Millions of people suffer from headaches every year, with the discomfort ranging from a mild irritation to agonising pain that leaves them bedbound.
But a study of 2,900 headache sufferers revealed that for one in 10, the burning, piercing or throbbing sensation occurs ‘mainly in the face’.
Scientists from the University of Hamburg hope understanding the difference between facial pain and headaches will lead to new treatments.
One in 10 headache sufferers ‘mainly feel the pain in their face’, research suggests (stock)
‘Facial pain has not been well recognised as a symptom of headache, and some people end up waiting a long time for a proper diagnosis and treatment,’ lead author Dr Arne May said.
‘This study shows facial pain is not uncommon and for many people their pain occurs mainly in the face, not the head.
‘For a better understanding of these types of facial pain and ultimately for the development of treatments, it’s crucial we understand more about facial pain.
‘[This includes knowing] whether it is the same disease as the headache, but showing up in a different place, or whether they are two different syndromes.’
Around half of all adults around the world have suffered from at least one headache in the past year, according to the World Health Organization.
As well as causing personal suffering, headaches have been linked to anxiety, financial loss and unemployment. A person’s family and social life may also be affected.
The pain of migraine
- Migraines are caused by a complex neurological condition which can affect the whole body – causing crippling headaches, nausea, blackouts, vomiting and even paralysis.
- Roughly 8.5million people in Britain suffer from migraines, three quarters of them women, with attacks lasting between four and 72 hours.
- Sufferers experience an average of 13 attacks each year, usually in clusters or episodes of a few days.
- But for about half a million people – those with ‘chronic migraines’ – the attacks come at least every other day.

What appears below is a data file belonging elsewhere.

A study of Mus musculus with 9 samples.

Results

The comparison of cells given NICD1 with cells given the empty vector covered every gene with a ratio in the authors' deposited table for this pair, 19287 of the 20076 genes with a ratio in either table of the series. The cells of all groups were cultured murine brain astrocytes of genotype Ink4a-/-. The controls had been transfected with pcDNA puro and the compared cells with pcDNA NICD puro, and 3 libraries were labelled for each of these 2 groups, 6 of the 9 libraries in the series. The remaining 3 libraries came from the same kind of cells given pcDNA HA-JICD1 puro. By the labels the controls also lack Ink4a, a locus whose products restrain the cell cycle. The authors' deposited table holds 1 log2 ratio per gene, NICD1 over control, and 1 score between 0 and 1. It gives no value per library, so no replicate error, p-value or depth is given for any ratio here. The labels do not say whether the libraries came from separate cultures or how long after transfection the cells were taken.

- Migraines are the sixth most common cause of disability around the world, and are strongly linked to depression and work absenteeism.
- Current drugs include Triptans – which deal with the symptoms but not the cause – but if they are taken too often they actually increase the frequency of attacks.
- Other treatments which ward off attacks are all designed for other conditions – such as botox, epilepsy medicines and beta blockers for heart disease.
- The new drug works in a completely different way – attacking the cause of migraines by stopping a protein which causes blood vessels to swell in the brain.
To understand the type of pain patients endure, the researchers looked at 2,912 people who claimed to have primary headaches. These are headaches that do not occur as a result of an underlying condition.
The participants completed a questionnaire about their headaches and any other pain.
Results – published in the journal Neurology – revealed 291 (10 per cent) of them suffered from facial pain.
This was most common in the 20 people with paroxysmal hemicrania, where 45 per cent were affected. This is a rare form of headache that causes throbbing or a claw-like sensation on one side of the head or around the eye.
Of the 42 participants with hemicrania continua, 21 per cent had facial pain. Hemicrania continua is a persistent headache that causes continuous pain, that varies in severity, on the same side of the head or face.
For the 15 with short-lasting unilateral neuralgiform headache, 20 per cent had facial pain. This is defined as bursts of moderate or severe burning, piercing or throbbing pain, usually on one side of the face.
Among the 283 people with cluster headaches, 42 (15 per cent) had facial pain. Of these, 31 per cent claimed they mainly felt the discomfort in their face. Cluster headaches cause excruciating attacks on one side of the head, often around the eye.
Facial pain was rare among those with migraines, with just two per cent of the 44 sufferers experiencing it.
Of those who did suffer this sort of pain, however, 41 per cent said most of their discomfort was in their face.
Six of the participants even complained of constant pain on one side of their face. They also claimed to have ‘face pain attacks’ that last 10-to-30 minutes several times a day.
The researchers had come across this sort of headache before and suggested it be called ‘constant unilateral facial pain with added attacks’.
They stress, however, the participants were asked to recall headaches they had previously experienced and therefore may have forgotten some of their symptoms.